How Backyard Mozzie Bites Can Get You Sick and What You Can Do About It

How Backyard Mozzie Bites Can Get You Sick and What You Can Do About It
Contributor: Cameron Webb, University of Sydney and Andrew Francis van den Hurk, The University of Queensland

Mosquitoes will be loving the wet weather that’s hit the east coast of Australia over the last week.

Mosquito populations naturally increase in spring, especially when there is plenty of water left around to complete their breeding cycle. So it’s a good time to start thinking about where water might be collecting around your backyard.

The bites of backyard mozzies aren’t just annoying – they can also make us sick. So what pathogens, or bugs, can mosquitoes transmit to humans? And how do they do it?

What types of mosquito are found in our backyard?

Hundreds of mosquitoes are found across the country but only a few regularly breed in our backyards. The larvae of these mosquitoes were originally found in natural water-filled receptacles like tree holes.

Now they’re commonly found in water-holding containers around our homes such as bird baths, damaged rainwater tanks, potted plant saucers and roof gutters. Neglected swimming pools can be a great place for mosquitoes too.

The most common of these mosquitoes is Aedes notoscriptus. It’s likely every Australian has been bitten by this “home grown” mosquito at least once. As well as being found in every corner of the country, it has also found its way to New Zealand and North America.

Aedes aegypti is also found in Australia. This mozzie is widespread in tropical regions of the world and loves water-filled containers around the home.

Aedes aegypti is currently only found in central and far north Queensland, but it has a habit of popping up elsewhere if given the chance.

What diseases are a risk in our backyards?

Like most mosquitoes, these backyard mozzies need blood. When they bite, there is a chance that can spread the pathogens that make us sick.

But it isn’t just that they bite that determines if we’ll get sick. The mosquitoes need to pick up the pathogen first and that typically means they have to bite an animal or a person who has the pathogen circulating in their blood.

Dengue is the most significant mosquito-borne viral disease globally. In Australia, we’re fortunate very few local cases are reported.

The mosquito that spreads dengue viruses is Aedes aegypti. As it isn’t widespread in Australia, the risks are limited to parts of Queensland and transmission only occurs when these viruses are introduced by an infected traveller.

These regions in Queensland have been the focus of innovative mosquito management programs that have minimised public health risks by reducing mosquito populations or their capacity to spread viruses.

Ross River and Barmah Forest viruses are responsible for most mosquito-borne disease notifications in Australia. More than 5,000 cases are reported each year across the country, mostly in Queensland and New South Wales.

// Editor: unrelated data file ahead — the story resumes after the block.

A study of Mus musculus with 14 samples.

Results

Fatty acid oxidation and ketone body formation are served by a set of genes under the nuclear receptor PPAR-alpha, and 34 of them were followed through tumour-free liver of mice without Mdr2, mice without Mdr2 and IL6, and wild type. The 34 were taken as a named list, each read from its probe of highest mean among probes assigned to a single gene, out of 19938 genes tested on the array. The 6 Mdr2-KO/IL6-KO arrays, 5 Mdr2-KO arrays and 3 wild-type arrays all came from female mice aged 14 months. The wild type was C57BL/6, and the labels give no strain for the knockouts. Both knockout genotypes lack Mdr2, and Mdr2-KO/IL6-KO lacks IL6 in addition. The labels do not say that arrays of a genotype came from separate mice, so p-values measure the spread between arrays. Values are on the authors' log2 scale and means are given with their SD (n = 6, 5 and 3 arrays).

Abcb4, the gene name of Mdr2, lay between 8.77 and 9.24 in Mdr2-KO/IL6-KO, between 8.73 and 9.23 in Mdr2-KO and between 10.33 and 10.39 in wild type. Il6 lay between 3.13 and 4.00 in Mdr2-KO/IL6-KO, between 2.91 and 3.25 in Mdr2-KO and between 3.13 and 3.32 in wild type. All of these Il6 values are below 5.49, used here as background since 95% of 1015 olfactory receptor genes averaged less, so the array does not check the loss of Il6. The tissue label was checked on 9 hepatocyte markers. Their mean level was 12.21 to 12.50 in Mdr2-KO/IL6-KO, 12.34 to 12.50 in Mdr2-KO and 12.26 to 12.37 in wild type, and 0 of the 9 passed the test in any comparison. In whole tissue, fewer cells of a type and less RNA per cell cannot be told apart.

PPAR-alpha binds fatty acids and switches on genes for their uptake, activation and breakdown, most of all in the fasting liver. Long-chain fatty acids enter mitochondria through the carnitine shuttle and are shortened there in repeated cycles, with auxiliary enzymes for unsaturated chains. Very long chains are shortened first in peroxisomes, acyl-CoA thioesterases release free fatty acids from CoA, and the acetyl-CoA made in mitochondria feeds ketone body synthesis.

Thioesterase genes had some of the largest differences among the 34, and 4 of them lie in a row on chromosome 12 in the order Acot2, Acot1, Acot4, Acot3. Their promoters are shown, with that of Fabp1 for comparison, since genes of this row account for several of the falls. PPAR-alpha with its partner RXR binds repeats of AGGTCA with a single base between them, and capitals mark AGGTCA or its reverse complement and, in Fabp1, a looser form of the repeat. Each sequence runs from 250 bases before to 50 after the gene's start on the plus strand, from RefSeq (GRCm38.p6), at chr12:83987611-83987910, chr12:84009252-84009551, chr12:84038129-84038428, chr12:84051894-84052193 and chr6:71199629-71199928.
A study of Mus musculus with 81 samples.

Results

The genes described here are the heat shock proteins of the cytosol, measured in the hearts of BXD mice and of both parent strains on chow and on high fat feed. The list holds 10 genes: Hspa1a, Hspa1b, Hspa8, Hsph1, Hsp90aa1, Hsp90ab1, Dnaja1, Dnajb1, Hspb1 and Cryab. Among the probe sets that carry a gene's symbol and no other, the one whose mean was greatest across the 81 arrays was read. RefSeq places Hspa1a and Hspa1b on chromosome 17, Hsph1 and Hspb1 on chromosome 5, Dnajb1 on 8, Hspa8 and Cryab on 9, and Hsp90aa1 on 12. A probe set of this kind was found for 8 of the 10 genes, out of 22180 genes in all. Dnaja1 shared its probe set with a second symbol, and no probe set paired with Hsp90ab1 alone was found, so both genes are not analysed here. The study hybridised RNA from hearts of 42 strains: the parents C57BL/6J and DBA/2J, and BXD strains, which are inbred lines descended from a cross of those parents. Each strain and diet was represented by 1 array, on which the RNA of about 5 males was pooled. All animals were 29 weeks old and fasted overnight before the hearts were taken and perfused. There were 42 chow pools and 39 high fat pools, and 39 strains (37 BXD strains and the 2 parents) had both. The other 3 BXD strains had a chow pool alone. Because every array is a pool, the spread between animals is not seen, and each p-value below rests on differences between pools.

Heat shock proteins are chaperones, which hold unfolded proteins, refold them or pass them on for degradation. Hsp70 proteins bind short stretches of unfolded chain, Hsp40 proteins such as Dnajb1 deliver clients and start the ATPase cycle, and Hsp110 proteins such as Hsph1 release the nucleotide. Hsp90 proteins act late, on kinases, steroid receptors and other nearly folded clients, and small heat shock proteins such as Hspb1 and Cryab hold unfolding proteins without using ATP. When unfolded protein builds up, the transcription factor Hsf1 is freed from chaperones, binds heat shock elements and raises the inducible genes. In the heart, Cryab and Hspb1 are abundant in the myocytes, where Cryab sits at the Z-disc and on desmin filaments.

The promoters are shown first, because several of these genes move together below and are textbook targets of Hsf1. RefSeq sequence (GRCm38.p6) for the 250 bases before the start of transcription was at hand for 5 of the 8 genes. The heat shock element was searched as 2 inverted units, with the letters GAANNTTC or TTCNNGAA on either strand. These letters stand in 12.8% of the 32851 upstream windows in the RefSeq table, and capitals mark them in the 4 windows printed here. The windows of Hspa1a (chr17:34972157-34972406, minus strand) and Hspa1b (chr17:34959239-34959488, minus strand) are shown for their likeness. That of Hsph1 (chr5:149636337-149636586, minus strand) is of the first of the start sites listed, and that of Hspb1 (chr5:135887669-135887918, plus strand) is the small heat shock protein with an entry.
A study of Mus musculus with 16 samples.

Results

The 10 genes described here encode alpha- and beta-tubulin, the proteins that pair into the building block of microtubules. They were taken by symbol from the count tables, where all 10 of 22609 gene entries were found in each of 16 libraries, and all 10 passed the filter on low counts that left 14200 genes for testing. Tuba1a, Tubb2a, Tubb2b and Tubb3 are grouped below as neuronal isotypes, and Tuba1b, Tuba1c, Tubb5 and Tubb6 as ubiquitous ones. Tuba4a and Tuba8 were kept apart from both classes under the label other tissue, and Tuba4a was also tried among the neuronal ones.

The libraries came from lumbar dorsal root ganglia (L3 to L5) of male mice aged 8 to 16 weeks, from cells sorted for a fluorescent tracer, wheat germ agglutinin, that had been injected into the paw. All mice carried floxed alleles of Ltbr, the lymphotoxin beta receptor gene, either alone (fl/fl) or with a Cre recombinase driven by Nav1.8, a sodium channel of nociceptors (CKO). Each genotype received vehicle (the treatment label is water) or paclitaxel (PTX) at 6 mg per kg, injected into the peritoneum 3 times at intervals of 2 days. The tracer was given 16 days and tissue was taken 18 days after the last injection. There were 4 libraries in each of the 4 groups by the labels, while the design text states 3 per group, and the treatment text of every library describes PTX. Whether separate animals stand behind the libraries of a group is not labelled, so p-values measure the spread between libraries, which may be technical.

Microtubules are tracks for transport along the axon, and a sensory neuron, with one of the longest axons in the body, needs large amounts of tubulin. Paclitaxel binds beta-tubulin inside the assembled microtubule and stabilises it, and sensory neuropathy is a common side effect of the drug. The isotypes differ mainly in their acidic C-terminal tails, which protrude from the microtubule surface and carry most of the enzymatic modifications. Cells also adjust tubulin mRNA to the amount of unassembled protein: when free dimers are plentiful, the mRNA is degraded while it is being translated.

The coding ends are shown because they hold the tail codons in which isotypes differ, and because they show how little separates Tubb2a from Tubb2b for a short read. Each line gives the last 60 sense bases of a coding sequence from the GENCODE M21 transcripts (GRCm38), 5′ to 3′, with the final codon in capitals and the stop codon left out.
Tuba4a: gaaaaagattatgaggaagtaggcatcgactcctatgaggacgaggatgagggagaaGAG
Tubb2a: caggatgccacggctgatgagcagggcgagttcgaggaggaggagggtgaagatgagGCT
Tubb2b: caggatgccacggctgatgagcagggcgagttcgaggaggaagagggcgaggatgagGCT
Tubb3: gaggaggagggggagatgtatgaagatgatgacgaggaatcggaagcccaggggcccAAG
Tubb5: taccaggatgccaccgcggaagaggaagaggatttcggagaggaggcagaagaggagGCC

Outbreaks of Ross River virus have become more common, including around metropolitan areas.

In the cities, suburbs and towns of Australia, Aedes notoscriptus may well be playing an important role in spreading these viruses. There is still lots to learn about these mosquitoes, their biology, and risk to human health.

New research highlights how much we have to learn

Newly published research from investigators in Queensland has identified a diverse range of viruses found within Aedes notoscriptus collected throughout the suburbs of Brisbane.

After testing more than 6,600 mosquitoes, the researchers identified a number of viruses, including those of potential human health concern. The results suggest these backyard mosquitoes may pose much more than a nuisance disrupting our time in the backyard.

The researchers also discovered a diverse range of lesser known “insect-specific” viruses. These viruses only infect mosquitoes and they’re not spread to people or animals.

Interestingly, related “insect-specific” viruses are being used to develop diagnostic tests and vaccines to combat the viruses that make humans sick. This highlights the importance of identifying viruses in wild mosquito populations.

What can you do about backyard mosquitoes?

There are plenty of ways you can reduce the numbers of mosquitoes in your backyard. You don’t need to rely on insecticides. You can still leave water out for pets and wildlife.

Routinely tip out, throw away, or cover up any water-holding containers. This includes discarded tyres, buckets, and bottles. Neglected children’s toys have lots of nooks and crannies that catch water too and can be a great place for mosquitoes.

Ensure your roof gutters, and other drains around the home, are regularly cleaned and your rainwater tank should be correctly installed and screened, too.The Conversation

Cameron Webb, Clinical Associate Professor and Principal Hospital Scientist, University of Sydney and Andrew Francis van den Hurk, Medical Entomologist, The University of Queensland

This article is republished from The Conversation under a Creative Commons license. Read the original article.